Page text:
The Corps will start testing possible replacements for its standard ruck this summer, a top acquisition officer said at a recent conference outside Washington.
The Individual Load Bearing Equipment pack, which was approved in 2004, not only clashes with the existing body armor, but Marines also complain that it causes chaffing and pain in their knees, back and shoulders, causing them to rate it “completely unacceptable” in a survey conducted last year, said Lt. Col. A.J. Pasagian, program manager of the Corps’ infantry combat equipment at Marine Corps Base Quantico, Va.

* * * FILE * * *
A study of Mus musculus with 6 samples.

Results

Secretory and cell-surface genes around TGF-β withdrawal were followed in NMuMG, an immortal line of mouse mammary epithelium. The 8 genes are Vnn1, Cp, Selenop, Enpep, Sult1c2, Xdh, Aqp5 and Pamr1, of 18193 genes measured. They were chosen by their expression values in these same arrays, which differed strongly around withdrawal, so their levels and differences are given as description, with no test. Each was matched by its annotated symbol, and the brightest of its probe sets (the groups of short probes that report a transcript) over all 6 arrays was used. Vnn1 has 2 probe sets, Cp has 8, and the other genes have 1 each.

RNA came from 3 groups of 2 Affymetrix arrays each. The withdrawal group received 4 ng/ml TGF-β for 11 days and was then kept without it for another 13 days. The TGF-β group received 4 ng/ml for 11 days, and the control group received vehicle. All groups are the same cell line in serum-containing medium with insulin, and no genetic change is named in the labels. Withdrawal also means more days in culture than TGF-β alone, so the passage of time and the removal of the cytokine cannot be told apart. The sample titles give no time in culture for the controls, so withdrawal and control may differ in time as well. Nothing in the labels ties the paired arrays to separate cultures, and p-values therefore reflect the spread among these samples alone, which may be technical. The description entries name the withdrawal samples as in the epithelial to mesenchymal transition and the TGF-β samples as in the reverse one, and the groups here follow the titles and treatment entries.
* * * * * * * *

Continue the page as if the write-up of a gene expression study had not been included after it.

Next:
The new pack will be designed with an adjustable suspension system to fit closely against a Marine’s body regardless of whether he is wearing body armor or not. It also will have a built-in hydration system and multiple adjustment points, reducing the stress on a Marine’s body, he said.
“Our ILBE pack was not designed with the intent of being worn with body armor,” Pasagian said. “This was back before the prolific expansion of the body armor as we know it today. We need to fix that. We are doing that by scaling across the entire playing field and we are looking at government designs as well as across industry.”
The testing this summer will focus on existing government designs, such as the Army’s Modular Lightweight Load Carrying Equipment pack, or MOLLE, as well as several bags already used by U.S. Special Operations Command. The service then hopes to seek proposals from industry in fiscal 2011, Pasagian said.